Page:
Another Season for Ben Zobrist? It's Not Yet Clear If He Intends to Hang 'Em Up


Chicago Cubs

The World Series kicks back up tonight, continuing the final stage of the 2019 MLB season. While it’s a big moment – hey, the biggest – for the Houston Astros and the Washington Nationals, it is for the rest of the league just the final checkpoint before the offseason begins.

And when the offseason begins, with that final out of the World Series, the first thing that happens: players on expiring contracts become free agents. For the five days thereafter, free agents can negotiate with only their current club, and then it’s a free-for-all.

We’ve talked a lot already about a handful of the Cubs’ outgoing free agents, from Cole Hamels to Pedro Strop to Nick Castellanos to the group as a whole, but one guy we’ve not discussed is Ben Zobrist.

It’s not too hard to understand why Zobrist hasn’t been discussed too much as an “outgoing Cubs free agent,” with the questions about re-signing and all that. With Zobrist, who’d play most of next year at age 39, and who missed most of this season attending to a family matter, the primary question is whether he’s going to seek to play at all next year.

No sense in pondering whether there’s a fit with the Cubs if Zobrist is intent on hanging them up at the end of this four-year deal with the Cubs.

So, there’s the question. Is Ben Zobrist planning to continue playing, or is he going to retire?

There isn’t a certain answer just yet, but it definitely doesn’t sound like Zobrist is certain to retire just yet.

“I’m 38 but I got that feeling all over again,” Zobrist told NBC Sports Chicago at the end of the regular season. “Just really fun, you know? It’s a fun game. Sometimes you don’t come out on the winning end, but you still gotta have fun with it and enjoy it. I enjoyed it today ….

“[Cubs fans are] just the most passionate fans I’ve ever met. They’re very loyal, very passionate and it’s been such a pleasure to be a part of that team that beat the curse back in ’16, so I feel that still, when I see Cubs fans, there’s a lot of them that hug me and thank me for being a part of that. I’ll always look back at [my] time here — I don’t know what’s going to happen in the offseason — but look back at these four years and [be] very grateful to be able to be part of a group like this and be able to do what we did while I was here.”

The feeling is unquestionably mutual coming from Cubs fans, regardless of what happened in 2019.

To that end, it’s really hard to know what you might be able to get out of Zobrist in 2020, given not only his age, but the fact that there isn’t much typical performance available from 2019 to evaluate.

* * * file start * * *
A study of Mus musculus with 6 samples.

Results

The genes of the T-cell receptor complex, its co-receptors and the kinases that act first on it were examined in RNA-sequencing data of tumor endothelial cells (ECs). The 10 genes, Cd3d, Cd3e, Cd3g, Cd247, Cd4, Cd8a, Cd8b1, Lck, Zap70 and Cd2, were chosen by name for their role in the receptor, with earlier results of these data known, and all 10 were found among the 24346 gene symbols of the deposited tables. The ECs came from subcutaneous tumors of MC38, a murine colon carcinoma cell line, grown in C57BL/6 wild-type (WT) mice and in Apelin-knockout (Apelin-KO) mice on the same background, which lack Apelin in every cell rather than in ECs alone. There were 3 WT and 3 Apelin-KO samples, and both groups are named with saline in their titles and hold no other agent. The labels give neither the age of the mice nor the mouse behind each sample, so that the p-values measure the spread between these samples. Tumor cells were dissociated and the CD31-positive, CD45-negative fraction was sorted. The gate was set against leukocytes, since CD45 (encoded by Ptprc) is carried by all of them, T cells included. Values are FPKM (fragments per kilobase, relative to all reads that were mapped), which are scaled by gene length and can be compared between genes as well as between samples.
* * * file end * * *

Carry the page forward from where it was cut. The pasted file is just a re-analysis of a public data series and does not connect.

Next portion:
On the year – basically a chunk at the start and a smaller chunk at the end – Zobrist hit just .260/.358/.313 (85 wRC+) over 176 plate appearances. He took his walks and didn’t strike out, but his batted ball rates were all terrible, from his groundball rate (55.1%) to his line drive rate (18.9%) to his fly ball rate (26.0%) to his soft contact rate (21.9%) to his hard contact rate (25.0%). The numbers matched the eye test, which said that, when Zobrist was able to play, he was not able to drive the ball with any kind of authority. Just a flukey health/distraction/time off thing, or the inevitable slowing of the wrists and loss of strength that comes with aging?

If Zobrist elects to make another go of it next year, he’s not going to find himself a huge contract out there, though there wouldn’t be a shortage of suitors looking to bring his veteran presence to Spring Training, at a minimum. And if he wanted to stick around with the Cubs on a non-guaranteed minor league deal, well then of course the Cubs would and should have interest. Why on earth would you NOT want to Zobrist around your club and seeing what he has to offer in the Spring?

But is that realistic? Do the Cubs bring back THE World Series MVP on a minor league deal under the circumstances of the past year? I’m not sure, at a human level, that’s going to be the right fit. Maybe a cheap guaranteed deal could make some sense, but there’s obviously some roster considerations there. As much as you might want Zobrist’s 2018 bat available in 2020, you very well might not get it, and you might get a guy who can really only play second base or left field at this point – spots that are going to be overflowing with options.



Author: Brett Taylor

Brett Taylor is the Editor and Lead Cubs Writer at Bleacher Nation, and you can find him on Twitter at @BleacherNation and @Brett_A_Taylor.